How to Build a Wood Screen Door
Simple wood screen doors are not difficult to build. The average woodworker can complete the task in one afternoon. You have multiple options for thickness, wood species and construction methods.
Other than using a miter saw to cut boards to length, the process can be completed using only hand tools and proper breathing and eye protection.
Fir is a good choice for screen door material. The wood is resilient, durable, straight-grained and affordable. You have other affordable options such as pine and poplar, but they lack fir's strength. Hardwood options include oak and mahogany, which are stronger than fir but more expensive, more difficult to work with and more likely to split or crack. Weather-resistant options include redwood and cedar. Both are more expensive than fir and not as strong. If properly sealed and cared for, fir holds up just as long as any other wood species. The resiliency of fir makes it a good choice for exterior use because it adapts well to contraction and expansion due to changes in humidity.
Build the door to fit inside the jambs if possible. If there's not enough room, measure the distance between the trim pieces on either side. If there's no other option, it's usually possible to add spacers or additional trim pieces to the existing jambs or trim. Once you've established the door opening measure it. Subtract 3/4-inch from the height and 1/2-inch from the width for the door size. This allows a 1/4-inch clearance on the sides, 1/4-inch at the top and 1/2-inch clearance at the bottom.
Medium or Heavy-Duty
You'll need five pieces of lumber to build the door. Use 1 1/4-inch-thick lumber for a a heavy-duty door. Use 1-inch thick lumber for a lighter door. It's fine to build the entire door from 4-inch wide planks, but for a more substantial door, make the horizontal pieces 5 inches wide. Cut everything to length and lay the door out on a flat surface. You can use a hand saw to cut the pieces, but for accurate, square joints use a miter saw.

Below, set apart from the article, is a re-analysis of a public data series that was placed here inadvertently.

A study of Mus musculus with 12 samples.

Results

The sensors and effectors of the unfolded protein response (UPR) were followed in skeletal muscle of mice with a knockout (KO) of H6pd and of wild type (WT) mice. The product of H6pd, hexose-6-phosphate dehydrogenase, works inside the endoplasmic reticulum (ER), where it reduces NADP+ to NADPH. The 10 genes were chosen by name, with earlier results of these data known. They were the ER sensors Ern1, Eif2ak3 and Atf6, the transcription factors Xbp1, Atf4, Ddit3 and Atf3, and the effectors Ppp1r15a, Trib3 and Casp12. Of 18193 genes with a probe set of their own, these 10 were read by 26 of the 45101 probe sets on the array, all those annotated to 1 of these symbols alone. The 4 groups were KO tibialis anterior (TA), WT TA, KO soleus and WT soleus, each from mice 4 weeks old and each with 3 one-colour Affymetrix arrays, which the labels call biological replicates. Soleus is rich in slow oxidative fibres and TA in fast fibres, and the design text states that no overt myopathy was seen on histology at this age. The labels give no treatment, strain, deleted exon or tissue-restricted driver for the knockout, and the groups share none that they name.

Most doors are built using mortise and tenon joints. Everyday woodworkers typically don't have the equipment make this type of joint. Two other options work just fine using hand-held tools: dowel jigs and pocket-hole jigs. You can pick them up at any home supply store. Dowel jigs allow you to dowel the door together using the ordinary butt joint. Use 3/8-inch dowels for a 1-inch thick door. Use 1/2-inch dowels for a 1 1/4-inch-thick door.
Clamp the jig to the individual pieces, drill the holes, add glue and dowels and clamp the door together. The second option for building the door -- the pocket-hole jig -- is easier to use but leaves exposed holes. Clamp the jig to the horizontal pieces and drill the holes for the screws at an angle. Apply glue, and then clamp the door together. Drive 1 5/8-inch screws into the holes to secure everything tightly. The screw heads should bury beneath the surface, but you'll still be able to see them. Use the side with holes and screws on the inside so you don't notice them from outside.
Screen options include measuring and ordering the screens from a glass shop, or installing the screen by hand. Do it yourself by attaching 5/8-by-5/8-inch strips of fir around the inside perimeter of the openings with a pin nailer. Stretch the screen material around the inside, and staple it to the 5/8-inch strips. Staple additional strips of 5/8-inch fir beside the first row, sandwiching and tightening the screen between them. Optionally, build the screens into a wood frame similar to a picture frame, and install the frames inside the opening with screws. Install as you would a standard screen door.
Use an appropriate sealer on the door after sanding it smooth. Natural oils like linseed oil or tung oil work well for exterior use. Danish oil offers an option that contains stain and natural oils to give the door some character. When the stain is dry -- natural oils can take up to 72 hours to dry -- add a topcoat of exterior clear finish such as polyurethane or spar varnish. If you don't want to stain and topcoat it, exterior paint offers another option.
Specializing in hardwood furniture, trim carpentry, cabinets, home improvement and architectural millwork, Wade Shaddy has worked in homebuilding since 1972. Shaddy has also worked as a newspaper reporter and writer, and as a contributing writer for Bicycling Magazine. Shaddy began publishing in various magazines in 1992, and published a novel, “Dark Canyon,” in 2008.